Snacking Menu Items Up 170% Since 2007
Reflecting restaurant patrons' increasing interest in pick-me-ups between regular meals, menu items described as "snacks," "snackable" or "snacker" have leaped by 170% since 2007, according to new research from Mintel Menu Insights.
Snacking options represent a "huge" opportunity to drive traffic and sales during non-peak hours and throughout the day, for restaurant formats ranging from quick service to fine dining, says Eric Giandelone, director of foodservice research at Mintel.
More than a third (37%) of consumer respondents indicated that they are most likely to visit restaurants for snacks in the early and late afternoon hours (3 p.m. to 6 p.m.).
However, while only 19% purchase snacks in restaurants between 6 p.m. and 8 p.m., these diners spend more: $4.26 per person, on average, versus $3.79 per person across all other time periods.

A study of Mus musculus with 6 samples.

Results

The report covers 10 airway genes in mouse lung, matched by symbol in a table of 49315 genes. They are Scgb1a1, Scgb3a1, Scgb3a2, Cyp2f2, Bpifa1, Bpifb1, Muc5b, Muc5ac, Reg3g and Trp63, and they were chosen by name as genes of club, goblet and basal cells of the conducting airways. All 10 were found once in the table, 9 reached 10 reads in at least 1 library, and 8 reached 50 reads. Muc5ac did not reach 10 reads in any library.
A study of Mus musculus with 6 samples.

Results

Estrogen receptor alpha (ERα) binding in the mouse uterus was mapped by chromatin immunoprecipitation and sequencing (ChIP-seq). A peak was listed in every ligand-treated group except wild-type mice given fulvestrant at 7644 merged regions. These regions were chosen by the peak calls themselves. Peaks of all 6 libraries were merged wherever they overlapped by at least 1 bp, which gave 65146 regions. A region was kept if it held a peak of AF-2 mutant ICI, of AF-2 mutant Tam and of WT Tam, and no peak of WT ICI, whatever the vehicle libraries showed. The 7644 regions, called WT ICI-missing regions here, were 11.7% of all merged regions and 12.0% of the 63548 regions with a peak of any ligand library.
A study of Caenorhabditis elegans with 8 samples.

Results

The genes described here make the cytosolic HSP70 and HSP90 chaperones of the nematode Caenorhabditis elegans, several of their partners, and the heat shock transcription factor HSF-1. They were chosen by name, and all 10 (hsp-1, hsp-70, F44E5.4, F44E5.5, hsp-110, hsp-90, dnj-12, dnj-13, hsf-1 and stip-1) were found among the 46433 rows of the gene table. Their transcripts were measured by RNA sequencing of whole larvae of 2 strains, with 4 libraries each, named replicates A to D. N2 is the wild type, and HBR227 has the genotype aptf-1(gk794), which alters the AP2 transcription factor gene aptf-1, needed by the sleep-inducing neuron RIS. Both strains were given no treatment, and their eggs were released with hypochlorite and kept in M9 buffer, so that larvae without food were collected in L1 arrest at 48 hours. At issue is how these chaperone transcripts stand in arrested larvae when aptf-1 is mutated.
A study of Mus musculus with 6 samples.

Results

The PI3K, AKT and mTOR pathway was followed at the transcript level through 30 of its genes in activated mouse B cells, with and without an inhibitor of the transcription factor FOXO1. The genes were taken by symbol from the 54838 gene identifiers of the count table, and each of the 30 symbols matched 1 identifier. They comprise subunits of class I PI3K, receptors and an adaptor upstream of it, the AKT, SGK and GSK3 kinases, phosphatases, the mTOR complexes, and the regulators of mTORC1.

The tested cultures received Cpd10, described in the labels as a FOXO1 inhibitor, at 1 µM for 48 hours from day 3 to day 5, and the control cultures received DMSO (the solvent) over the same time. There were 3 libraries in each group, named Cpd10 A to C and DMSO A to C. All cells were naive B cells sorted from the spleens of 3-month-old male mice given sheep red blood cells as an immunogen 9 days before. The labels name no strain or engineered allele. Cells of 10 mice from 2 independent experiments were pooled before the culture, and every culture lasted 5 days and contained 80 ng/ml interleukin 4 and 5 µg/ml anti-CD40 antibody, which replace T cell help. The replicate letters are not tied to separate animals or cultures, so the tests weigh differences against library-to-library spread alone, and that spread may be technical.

This points to the need for operators to offer different types of snacks for different dayparts. "Heartier and pricier fare may have more appeal later in the day, while light options may work best in the morning or early afternoon," notes Giandelone.
Nearly two-thirds (64%) of consumers say they look for a beverage when snacking at restaurants, and 61% say they choose portable items.
While the restaurant industry is striving to tap growing opportunities in offering a wider variety of healthier menu options, as is true with entrées, relatively few consumers say they actually choose healthy options when it comes to snacks (32%).
More than half (52%) report that they tend to crave "indulgent" snacks, and half say they gravitate toward something salty to nibble on.